Victoria will become the first state in Australia to tax electric vehicle drivers after the controversial legislation passed through parliament.
Earlier this week, Victoria’s Legislative Assembly debated the merits of the ‘Zero and Low Emission Vehicle Distance-based Charge Bill 2021’, more commonly known as the EV tax.
The Andrews government’s electric vehicle tax passed without amendment in the upper house and is set to come into effect from July 1st, 2021.
The new EV tax will see 2 different per kilometre rates depending on characteristics of the vehicle.
- 2.5 cents for electric vehicles and hydrogen vehicles;
- 2 cents for plug-in hybrid vehicles
The Bill had initially faced opposition in the upper house, where labor does not have an outright majority, on the grounds that it was a regressive policy that would deter people from going electric.
To palliate the proposed Bill, the Andrews government introduced several reforms, including a $3,000 subsidy for electric vehicle purchases, and a promise that aims to see half of all new vehicles to be fully electric or hydrogen by 2030.
Despite strong opposition from the Victorian Greens party, the Bill passed 19-14, with Labour securing the support of Reason Party MP Fiona Patten and Animal Justice MP Andy Meddick.
“We know that the transition to electric is critical in our goal to reduce emissions and mitigate climate change,” said Transport Matters MP Rod Barton, who also voted in favour of the bill.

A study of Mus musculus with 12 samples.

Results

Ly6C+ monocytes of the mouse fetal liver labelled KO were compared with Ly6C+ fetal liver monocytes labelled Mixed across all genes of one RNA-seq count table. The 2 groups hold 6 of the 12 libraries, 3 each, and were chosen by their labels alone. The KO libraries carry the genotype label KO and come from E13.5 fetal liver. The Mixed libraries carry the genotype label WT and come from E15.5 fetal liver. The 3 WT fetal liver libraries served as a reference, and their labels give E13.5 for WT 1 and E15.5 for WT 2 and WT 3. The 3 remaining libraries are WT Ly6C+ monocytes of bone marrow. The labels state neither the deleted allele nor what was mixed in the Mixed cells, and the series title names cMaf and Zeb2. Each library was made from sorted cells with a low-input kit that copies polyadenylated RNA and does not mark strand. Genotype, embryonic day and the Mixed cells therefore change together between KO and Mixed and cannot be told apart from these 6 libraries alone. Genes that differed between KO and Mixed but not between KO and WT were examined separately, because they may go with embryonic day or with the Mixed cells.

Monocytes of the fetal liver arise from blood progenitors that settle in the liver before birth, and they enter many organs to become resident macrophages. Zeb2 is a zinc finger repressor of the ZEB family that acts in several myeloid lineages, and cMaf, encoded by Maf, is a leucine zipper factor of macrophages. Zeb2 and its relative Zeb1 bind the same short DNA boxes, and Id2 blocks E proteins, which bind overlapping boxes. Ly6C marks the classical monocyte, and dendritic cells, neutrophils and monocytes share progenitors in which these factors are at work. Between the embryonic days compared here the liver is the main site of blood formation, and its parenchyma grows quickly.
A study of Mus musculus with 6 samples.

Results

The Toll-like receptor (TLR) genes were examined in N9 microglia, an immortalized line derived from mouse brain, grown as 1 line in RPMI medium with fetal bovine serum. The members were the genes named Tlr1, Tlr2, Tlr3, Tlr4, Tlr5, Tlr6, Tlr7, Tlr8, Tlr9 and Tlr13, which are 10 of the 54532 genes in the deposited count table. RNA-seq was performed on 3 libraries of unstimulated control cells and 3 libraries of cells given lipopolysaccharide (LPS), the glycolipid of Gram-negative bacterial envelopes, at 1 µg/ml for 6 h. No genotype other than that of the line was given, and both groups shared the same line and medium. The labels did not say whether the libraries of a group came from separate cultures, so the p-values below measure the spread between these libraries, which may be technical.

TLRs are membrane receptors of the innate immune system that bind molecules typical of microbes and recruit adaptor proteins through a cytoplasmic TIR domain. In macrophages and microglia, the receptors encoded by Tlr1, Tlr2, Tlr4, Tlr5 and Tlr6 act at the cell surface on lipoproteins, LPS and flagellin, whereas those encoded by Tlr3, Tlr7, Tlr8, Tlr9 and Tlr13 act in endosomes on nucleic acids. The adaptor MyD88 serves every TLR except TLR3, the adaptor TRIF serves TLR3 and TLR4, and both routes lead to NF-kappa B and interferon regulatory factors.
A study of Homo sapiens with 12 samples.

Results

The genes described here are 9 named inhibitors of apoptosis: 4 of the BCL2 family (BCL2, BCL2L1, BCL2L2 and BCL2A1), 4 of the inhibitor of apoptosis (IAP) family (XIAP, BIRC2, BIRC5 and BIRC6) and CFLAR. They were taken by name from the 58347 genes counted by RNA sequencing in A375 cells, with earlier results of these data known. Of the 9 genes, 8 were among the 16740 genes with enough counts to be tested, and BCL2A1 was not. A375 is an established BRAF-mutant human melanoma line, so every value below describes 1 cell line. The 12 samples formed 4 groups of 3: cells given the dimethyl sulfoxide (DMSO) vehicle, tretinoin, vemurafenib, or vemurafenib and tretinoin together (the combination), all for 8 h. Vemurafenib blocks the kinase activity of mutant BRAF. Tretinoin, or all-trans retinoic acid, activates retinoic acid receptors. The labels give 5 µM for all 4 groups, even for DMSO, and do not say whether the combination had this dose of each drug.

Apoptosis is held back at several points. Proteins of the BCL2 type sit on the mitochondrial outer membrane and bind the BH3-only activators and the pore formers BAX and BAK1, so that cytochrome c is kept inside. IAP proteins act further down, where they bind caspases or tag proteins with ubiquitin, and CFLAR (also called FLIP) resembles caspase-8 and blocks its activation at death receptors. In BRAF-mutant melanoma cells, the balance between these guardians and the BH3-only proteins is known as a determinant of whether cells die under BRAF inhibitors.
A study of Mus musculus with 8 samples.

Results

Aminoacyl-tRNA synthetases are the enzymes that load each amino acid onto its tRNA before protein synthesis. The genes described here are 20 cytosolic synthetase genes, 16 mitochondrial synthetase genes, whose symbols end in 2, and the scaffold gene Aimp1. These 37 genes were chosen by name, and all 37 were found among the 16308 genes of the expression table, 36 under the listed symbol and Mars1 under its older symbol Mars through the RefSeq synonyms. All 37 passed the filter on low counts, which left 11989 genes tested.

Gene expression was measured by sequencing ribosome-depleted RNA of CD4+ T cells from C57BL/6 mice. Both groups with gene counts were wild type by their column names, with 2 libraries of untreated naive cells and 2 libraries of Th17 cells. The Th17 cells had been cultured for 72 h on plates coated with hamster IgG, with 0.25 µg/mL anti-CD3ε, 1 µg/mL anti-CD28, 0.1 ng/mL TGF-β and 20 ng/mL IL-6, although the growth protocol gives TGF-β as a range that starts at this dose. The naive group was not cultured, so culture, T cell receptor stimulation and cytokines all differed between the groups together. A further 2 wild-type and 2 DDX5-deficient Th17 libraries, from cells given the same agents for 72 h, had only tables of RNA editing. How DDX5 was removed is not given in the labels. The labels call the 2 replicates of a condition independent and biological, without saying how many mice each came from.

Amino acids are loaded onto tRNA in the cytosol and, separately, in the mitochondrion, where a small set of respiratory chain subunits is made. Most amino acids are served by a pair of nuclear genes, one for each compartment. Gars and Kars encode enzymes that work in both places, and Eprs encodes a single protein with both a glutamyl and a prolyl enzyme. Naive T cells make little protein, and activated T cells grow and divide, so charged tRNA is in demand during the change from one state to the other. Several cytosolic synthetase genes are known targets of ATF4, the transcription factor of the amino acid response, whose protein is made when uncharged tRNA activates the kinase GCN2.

“However, electric vehicles will still use roads and we will still need to keep paying for them,” he said.
Greens MP, Sam Hibbins, said the tax would make Victoria a “global laughing stock”.
“This is climate vandalism in the midst of a climate crisis,” the Greens transport spokesman said.
“This was a big test for the upper house, and they failed. Rather than stand on the side of climate action and the Victorian people, they decided to roll over and stand for nothing.”
The ‘worst electric vehicle policy in the world’ will make cutting Victoria's growing transport emissions all the more harder.
The Greens will move to repeal this backwards tax on clean air.
— Sam Hibbins (@Sam_Hibbins) May 25, 2021
Less than one per cent of Australian vehicles are electric but Victorian Treasurer, Tim Pallas, expects uptake will grow as they reach price equivalence with petrol cars by 2025.
A coalition of 25 car manufacturers, industry groups, and environmental groups had also recently written to MPs urging them to vote against the plan.
The open letter, signed by Volkswagen, Hyundai, Uber, Electric Vehicles Council, and the Clean Energy Council among others, branded the proposed tax as the “worst electric vehicle policy in the world”.
The tax is expected to raise $30 million over four years and is estimated to cost the average electric vehicle owner between $260 and $300 annually.
Electric vehicle owners will need to keep a logbook of the kilmotres they travel over each year through odometer readings, and at the end of year provide that information to authorities.
Failure to do so may result in registration being suspended or cancelled if motorists fail to pay on time, the explanatory memorandum to the legislation stated.
The tax will only apply to kilometres covered on public roads. For motorists who clock up mileage on private roads, the burden of proof is on them to demonstrate that fact.
South Australia was the first state to announce a plan to introduce a user charge on electric vehicles, but it has been put on hold until July 1, 2022.